By Louis Jacobson December 13, 2021

House approves provision to permit some drug negotiation by Medicare

Democrats are one step closer to a long-sought policy goal: allowing Medicare, the federal health insurance program for Americans over 65, to negotiate prices with drugmakers. 

The idea has been to leverage the government's market power to get better deals on pharmaceuticals and pass along the savings to Medicare beneficiaries, something currently forbidden under the law.

"Biden will repeal the existing law explicitly barring Medicare from negotiating lower prices with drug corporations," Biden said as a candidate.

Biden's social spending and safety net legislation, the Build Back Better bill, passed the House on Nov. 19. After months of negotiation, the version that passed the chamber kept language addressing Medicare price negotiation, although it isn't blanket permission to negotiate on price for all drugs.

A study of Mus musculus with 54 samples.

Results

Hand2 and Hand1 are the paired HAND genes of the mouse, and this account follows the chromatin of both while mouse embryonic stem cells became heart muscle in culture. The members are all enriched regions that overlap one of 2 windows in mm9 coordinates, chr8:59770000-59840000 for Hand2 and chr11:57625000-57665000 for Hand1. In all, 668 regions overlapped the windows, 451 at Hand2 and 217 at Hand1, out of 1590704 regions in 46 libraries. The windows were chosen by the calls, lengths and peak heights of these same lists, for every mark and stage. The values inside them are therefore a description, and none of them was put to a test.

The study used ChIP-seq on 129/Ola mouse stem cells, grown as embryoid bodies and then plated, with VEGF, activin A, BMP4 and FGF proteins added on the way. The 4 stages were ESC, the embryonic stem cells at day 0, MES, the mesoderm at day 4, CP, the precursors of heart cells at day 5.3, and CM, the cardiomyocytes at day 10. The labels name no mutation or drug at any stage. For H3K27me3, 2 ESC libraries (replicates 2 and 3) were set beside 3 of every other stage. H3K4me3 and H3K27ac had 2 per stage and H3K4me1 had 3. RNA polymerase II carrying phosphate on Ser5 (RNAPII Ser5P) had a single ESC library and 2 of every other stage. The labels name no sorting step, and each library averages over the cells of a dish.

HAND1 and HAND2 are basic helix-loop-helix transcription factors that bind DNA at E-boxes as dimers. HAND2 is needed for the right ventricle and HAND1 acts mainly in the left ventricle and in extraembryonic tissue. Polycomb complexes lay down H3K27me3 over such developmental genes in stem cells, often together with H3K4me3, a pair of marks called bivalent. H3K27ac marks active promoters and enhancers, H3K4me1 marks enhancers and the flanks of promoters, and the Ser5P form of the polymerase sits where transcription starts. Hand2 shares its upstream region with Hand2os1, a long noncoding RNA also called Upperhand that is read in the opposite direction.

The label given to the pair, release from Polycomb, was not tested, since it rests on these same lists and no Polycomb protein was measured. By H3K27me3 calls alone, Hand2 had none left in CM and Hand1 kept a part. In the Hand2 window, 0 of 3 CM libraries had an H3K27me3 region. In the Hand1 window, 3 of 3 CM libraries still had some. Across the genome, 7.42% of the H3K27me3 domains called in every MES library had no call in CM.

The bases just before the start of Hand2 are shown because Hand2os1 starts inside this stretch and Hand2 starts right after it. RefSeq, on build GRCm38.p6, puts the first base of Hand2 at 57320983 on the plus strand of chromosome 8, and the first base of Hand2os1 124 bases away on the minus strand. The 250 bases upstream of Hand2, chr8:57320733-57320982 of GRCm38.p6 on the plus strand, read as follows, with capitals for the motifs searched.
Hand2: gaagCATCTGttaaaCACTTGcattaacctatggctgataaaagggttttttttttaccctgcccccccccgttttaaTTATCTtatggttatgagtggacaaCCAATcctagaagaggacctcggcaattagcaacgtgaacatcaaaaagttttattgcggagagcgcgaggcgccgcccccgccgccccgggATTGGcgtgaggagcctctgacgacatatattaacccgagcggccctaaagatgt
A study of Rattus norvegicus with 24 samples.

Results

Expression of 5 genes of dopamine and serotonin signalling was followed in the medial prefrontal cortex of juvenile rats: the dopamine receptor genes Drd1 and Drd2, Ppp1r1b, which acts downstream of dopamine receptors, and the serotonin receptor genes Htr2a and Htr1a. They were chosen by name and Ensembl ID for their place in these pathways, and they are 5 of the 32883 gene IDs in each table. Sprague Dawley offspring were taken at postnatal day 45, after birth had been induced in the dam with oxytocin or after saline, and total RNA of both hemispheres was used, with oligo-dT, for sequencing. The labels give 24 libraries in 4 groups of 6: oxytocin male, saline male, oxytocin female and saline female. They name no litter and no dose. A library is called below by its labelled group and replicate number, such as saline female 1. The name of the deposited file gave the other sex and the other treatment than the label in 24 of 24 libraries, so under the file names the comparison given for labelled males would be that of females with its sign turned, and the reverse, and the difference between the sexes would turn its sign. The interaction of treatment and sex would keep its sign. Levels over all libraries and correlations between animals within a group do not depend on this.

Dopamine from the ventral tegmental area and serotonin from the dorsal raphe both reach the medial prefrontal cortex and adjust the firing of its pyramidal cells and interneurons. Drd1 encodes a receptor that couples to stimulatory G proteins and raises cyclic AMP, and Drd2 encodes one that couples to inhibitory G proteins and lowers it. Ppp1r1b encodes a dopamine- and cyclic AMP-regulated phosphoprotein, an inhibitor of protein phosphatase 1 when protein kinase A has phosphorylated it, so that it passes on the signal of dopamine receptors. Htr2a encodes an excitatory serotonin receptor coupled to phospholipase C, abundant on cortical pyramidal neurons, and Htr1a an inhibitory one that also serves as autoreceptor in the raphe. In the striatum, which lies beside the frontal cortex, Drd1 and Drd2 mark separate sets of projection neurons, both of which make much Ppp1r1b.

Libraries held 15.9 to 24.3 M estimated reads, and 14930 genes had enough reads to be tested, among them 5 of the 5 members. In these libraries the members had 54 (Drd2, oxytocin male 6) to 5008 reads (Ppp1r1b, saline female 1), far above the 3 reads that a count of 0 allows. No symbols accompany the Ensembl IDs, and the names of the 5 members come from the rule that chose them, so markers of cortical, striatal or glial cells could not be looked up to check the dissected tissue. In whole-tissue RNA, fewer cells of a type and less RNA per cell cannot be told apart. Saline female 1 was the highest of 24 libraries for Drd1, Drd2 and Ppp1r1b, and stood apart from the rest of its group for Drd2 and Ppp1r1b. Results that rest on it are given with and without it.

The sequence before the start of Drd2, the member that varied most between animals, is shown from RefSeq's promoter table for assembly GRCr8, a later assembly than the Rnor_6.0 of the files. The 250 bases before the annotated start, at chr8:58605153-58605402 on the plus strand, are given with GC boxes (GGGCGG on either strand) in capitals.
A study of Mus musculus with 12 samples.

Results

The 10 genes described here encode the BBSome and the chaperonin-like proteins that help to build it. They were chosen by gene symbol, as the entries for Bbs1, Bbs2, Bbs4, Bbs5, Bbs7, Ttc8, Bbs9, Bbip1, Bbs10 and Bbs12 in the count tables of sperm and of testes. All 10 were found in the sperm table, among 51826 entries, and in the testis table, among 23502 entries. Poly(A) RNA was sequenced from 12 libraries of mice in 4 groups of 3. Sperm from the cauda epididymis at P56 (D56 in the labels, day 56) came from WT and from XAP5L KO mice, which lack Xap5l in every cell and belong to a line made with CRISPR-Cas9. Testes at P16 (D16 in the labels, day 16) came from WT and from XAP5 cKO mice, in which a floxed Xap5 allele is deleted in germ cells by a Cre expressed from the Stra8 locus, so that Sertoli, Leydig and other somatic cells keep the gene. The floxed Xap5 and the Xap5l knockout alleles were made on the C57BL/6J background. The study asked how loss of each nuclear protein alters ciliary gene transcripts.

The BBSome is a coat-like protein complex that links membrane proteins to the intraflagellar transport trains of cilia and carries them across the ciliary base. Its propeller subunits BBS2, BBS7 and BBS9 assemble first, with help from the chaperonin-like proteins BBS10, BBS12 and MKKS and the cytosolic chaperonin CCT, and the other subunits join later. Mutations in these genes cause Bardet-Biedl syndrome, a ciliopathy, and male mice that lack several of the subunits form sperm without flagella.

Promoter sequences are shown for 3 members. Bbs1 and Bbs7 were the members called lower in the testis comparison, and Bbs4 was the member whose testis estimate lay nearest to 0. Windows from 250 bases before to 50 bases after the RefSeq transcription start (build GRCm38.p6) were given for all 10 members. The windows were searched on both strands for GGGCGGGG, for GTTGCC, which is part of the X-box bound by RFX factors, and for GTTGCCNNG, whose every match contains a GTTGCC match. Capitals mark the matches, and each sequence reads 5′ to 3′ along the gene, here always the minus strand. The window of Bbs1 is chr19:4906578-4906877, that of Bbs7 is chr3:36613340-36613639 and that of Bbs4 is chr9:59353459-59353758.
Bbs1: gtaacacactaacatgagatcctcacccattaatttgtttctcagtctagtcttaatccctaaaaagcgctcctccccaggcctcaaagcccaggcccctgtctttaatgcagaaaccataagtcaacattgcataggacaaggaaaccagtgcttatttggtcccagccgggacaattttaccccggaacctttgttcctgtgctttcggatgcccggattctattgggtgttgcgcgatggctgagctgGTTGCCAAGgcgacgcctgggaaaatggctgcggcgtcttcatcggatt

The bill would permit price negotiation over a small number of high-cost drugs covered under Medicare Part D, starting in 2025, and Medicare Part B, starting in 2027, according to an analysis by the Kaiser Family Foundation. (Medicare Part D covers prescription drugs, while Medicare Part B covers out-of-hospital patient treatment.)

Under the bill, the number of single-source drugs subject to negotiation would start at 10 in 2025, rise to 15 in 2026 and 2027, and finally reach 20 in 2028 and beyond.

These drugs would be selected from among the 50 drugs with the highest spending in each of the two Medicare categories, and would apply to insulin as well.

Separately, the Build Back Better bill includes other provisions that could reduce Medicare drug costs, including limits on annual drug price increases, a cap on out-of-pocket spending for Medicare Part D beneficiaries; limits on cost sharing for insulin; and an end to cost-sharing for covered adult vaccines.

With House passage of the bill, it moved to the Senate, where Democratic leaders have said they hope to vote on it before Christmas 2021. That timeline could slip, and even if it passes the Senate, it might undergo changes that would need to be approved by the House. 

Given the lengthy, bicameral negotiations that preceded House passage, the bill's ultimate enactment is no certainty. Still, House passage is a major step forward, so we rate this In the Works.